Roosevelt breaks ground, record

By Stephanie Saviola

The second largest university skyscraper in the United States will soon stand in what used to be The Herman Crown Center, which housed an old fitness facility used by Columbia and Roosevelt University students.

On April 17, Roosevelt University, 430 S. Michigan Ave., held a groundbreaking ceremony to jumpstart its plans to open a 32-story skyscraper. Mayor Richard M. Daley, along with several community leaders, attended the ceremony, which also marked the 65th anniversary of the university’s opening.

“We have been planning this for years,” said Tom Karow, assistant vice president of public relations at Roosevelt. “It is going to be the most significant building in the history of Roosevelt since we acquired the auditorium building

in 1946.”

The new building located at 425 S. Wabash Ave., will house classrooms, laboratories and the business college. According to Karow, student activity services, financial aid and the admissions office will also relocate to the new building.

“It will be very convenient for prospective students and the top of the building will house 600 resident students,” Karow said.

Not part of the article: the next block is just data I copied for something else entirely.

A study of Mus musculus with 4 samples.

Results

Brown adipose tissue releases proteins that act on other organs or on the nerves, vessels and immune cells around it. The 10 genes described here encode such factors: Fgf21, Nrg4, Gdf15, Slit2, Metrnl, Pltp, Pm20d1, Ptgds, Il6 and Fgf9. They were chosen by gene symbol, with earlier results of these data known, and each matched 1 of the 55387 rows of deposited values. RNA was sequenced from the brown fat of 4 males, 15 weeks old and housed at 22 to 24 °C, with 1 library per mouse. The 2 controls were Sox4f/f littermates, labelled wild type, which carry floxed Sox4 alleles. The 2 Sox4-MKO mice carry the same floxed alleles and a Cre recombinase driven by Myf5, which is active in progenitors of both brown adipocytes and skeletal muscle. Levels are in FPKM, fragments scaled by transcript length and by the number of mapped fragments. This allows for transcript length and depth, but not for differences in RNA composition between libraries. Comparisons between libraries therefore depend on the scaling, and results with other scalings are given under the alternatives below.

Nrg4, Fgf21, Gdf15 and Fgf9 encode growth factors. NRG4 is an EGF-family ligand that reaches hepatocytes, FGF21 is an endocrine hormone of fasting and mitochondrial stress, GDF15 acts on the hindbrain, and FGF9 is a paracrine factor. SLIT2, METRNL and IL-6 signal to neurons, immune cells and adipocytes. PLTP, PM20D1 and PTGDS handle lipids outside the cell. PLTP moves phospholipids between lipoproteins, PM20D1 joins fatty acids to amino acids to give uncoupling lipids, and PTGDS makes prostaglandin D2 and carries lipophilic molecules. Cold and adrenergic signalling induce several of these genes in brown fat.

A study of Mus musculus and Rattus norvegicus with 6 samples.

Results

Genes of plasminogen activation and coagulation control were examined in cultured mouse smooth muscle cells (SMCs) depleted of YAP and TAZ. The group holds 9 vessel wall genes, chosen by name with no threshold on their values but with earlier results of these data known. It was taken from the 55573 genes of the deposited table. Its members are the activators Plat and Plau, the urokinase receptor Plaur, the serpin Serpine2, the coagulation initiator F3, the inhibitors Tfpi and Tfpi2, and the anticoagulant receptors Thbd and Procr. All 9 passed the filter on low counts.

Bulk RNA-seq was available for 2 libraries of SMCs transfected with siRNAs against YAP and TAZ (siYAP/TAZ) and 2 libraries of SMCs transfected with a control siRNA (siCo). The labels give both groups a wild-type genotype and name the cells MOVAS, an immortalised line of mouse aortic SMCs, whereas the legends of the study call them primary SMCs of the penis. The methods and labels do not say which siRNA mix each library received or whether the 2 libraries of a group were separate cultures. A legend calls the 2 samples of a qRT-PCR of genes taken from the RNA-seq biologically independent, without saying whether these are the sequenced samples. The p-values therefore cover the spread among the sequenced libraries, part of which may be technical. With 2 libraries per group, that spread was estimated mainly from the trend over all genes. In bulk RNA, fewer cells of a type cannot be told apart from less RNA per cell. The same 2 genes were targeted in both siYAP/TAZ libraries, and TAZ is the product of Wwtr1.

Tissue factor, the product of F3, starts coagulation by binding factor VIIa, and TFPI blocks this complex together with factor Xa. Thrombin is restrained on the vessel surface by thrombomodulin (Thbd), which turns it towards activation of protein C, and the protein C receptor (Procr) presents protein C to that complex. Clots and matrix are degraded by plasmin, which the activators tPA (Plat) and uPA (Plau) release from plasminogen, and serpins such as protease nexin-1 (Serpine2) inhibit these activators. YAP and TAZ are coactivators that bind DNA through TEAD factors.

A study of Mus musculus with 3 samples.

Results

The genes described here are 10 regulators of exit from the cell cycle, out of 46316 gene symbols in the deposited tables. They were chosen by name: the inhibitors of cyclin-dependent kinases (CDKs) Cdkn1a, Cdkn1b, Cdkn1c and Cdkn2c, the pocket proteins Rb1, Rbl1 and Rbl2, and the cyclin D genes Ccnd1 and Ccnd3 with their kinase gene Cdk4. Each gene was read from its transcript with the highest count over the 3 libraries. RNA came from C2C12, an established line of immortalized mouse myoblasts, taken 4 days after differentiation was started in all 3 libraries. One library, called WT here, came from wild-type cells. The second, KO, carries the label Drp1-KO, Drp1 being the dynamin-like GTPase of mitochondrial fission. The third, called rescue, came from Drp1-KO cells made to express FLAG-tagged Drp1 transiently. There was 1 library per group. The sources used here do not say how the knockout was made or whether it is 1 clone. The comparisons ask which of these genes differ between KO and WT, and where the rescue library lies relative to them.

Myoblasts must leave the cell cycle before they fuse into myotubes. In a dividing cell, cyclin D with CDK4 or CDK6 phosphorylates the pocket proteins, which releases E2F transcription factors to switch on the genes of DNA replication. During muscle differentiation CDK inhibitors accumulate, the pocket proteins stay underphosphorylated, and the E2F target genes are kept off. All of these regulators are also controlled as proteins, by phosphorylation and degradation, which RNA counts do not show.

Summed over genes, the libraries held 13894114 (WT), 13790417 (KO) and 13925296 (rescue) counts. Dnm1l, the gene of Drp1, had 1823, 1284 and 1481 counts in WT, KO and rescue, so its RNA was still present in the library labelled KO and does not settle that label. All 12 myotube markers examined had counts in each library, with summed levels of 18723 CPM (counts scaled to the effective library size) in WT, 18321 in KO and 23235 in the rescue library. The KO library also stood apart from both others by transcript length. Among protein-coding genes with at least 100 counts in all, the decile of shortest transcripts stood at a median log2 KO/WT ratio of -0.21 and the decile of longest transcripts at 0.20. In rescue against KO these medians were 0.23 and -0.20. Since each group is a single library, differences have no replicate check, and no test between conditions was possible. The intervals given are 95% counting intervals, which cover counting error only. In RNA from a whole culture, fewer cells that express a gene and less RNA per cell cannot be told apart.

The building is also expected to be LEED silver certified. It will be built with recycled and sustainable materials and will have a green rooftop. In addition to being the second tallest university center in the country, Karow said it is going to be the sixth largest in the world. The tallest in the country and second tallest in the world is The Cathedral of Learning at the University of Pittsburgh in Pennsylvania.

“LEED is a point-base system that rates buildings in five different areas of

environmental performance,” said Ashley Katz, manager of communications at United States Green Building Council. “There are four different levels of certification: certified followed by silver, gold and platinum. The difference between a silver building and a gold building really comes down to the number of points the project earns and the number of strategies the project has employed in order to receive LEED certification.”

Katz said an increasing number of educational institutions are some of the largest markets going through LEED certification.

Roosevelt stated they are building the skyscraper because of the expected 50 percent increase of full-time students at the college over the next 10 years.

John Kavouris, associate vice president of facilities and construction at Columbia, said Roosevelt’s new building is not expected to have an impact  on Columbia.

The project is expected to be completed January 2012.